Let’s just cut right to the chase.
Anyone who knows even just a little about me can probably guess what my all-time favorite Christmas song is.
As a hint, the song just happens to also be sung by my favorite musical artist.
You guessed it – Santa Claus is Comin’ to Town by Bruce Sprinsgteen and the E-Street Band.
Here’s a link to the audio of the version many of you are probably most familiar with (you can scroll down to see a live video performance of the song). The audio version starts with a little dialogue from Bruce, and features Clarence Clemons on the sax and laughing like Santa, and just pure joy from the entire band. This performance was recorded live at C. W. Post College (now Long Island University – Post) in Brookville, New York on December 12, 1975.
Live performances of the song often saw the band encouraging the audience to sing some of the lyrics with—or in place of—the band’s vocalists (usually the line “you’d better be good for goodness sake”, and occasionally the key line “Santa Claus is Comin’ to Town” as well). Sometimes, concert crowds would sing along with the entire song, and the band would do nothing to dissuade those audiences from doing so. This version remains a Springsteen concert favorite during the months of November and December (often concluding the show), and the band is among the few that keep it in their roster of songs during the holidays. (Wikipedia)
Here’s a little background on that 1975 performance from David J. Criblez at Newsday.com.
The day of the show a massive snowstorm hit Long Island with the temperature dropping to 12 degrees, causing the show to be delayed for an hour.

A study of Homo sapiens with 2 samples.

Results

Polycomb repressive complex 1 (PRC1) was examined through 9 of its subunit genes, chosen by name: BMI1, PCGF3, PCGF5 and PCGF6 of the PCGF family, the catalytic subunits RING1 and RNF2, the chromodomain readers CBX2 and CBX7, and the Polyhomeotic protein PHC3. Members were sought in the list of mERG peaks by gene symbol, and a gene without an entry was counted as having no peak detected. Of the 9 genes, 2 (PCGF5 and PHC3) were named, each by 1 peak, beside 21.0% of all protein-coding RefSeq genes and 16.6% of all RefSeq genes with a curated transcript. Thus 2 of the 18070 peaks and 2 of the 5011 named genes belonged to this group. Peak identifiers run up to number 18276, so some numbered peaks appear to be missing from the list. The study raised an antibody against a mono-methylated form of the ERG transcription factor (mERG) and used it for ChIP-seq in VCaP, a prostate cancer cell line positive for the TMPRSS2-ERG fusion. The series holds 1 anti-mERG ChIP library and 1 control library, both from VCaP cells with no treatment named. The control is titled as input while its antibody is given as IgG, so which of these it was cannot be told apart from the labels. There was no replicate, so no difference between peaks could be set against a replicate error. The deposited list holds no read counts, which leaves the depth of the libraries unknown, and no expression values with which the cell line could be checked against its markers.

People waited on line starting at 1 p.m. for an 8 p.m. show, drinking peppermint schnapps just to keep warm.
The performance of “Santa Claus Is Comin’ to Town” came as the second song of the encore and took the crowd by surprise.
The song features one of Springsteen’s storytelling raps at the beginning as sleigh bells jingle in the background mixed with seasonal sounds of singular piano notes.
“It’s everything you want from The E Street Band — it’s got playfulness, a killer sax solo and the arrangement totally rocks,” says Steve Prisco, 65, of East Northport, who was at the Post show.. “Bruce always had a comedy element to his shows making jokes with saxophonist Clarence Clemons and the rest of the band. You can see he was excited to pull the song off.”
Concert attendee Wayne Belfer, 63, adds, “They began by laughing then everyone started to get into it by singing along. Bruce and Clarence were hamming it up on stage. It was a joyous moment.”
Springsteen’s rendition was based on the arrangement producer Phil Spector had the Crystals record on his 1963 holiday album, “A Christmas Gift for You from Phil Spector.”
“Bruce completely reworked that song. He made it swing and rock,” says Darren Gallagher, 55, of West Islip, who runs a Springsteen tribute band called Badlands that plays the song live and even recorded it. “Sometimes when you hear a remake it sounds just like every other version of the song. This particular one sounds undeniably like Bruce Springsteen.”
When former Newsday pop music critic Wayne Robins reviewed the show, he wrote that the song “caused pandemonium” and described Springsteen as “more mensch than macho.”
“It was the time of the macho rock star — Robert Plant of Led Zeppelin, Mick Jagger of the Rolling Stones, Steven Tyler of Aerosmith,” says Robins, who will be inducted in the Long Island Music Hall of Fame’s Class of 2021. “Bruce came on like he was your neighbor.”
Here is a more recent live video version of the song that includes Paul McCartney and the cast of a Saturday Night Live Christmas Special from 2015. Still as great as ever.
And here is a little behind the scenes interview with Tina Fey on the Howard Stern Show where she talks about what it was like to be singing with Bruce.
So Merry Christmas to all, and be sure to keep Bruce’s words in mind, “You better be good for goodness sake.”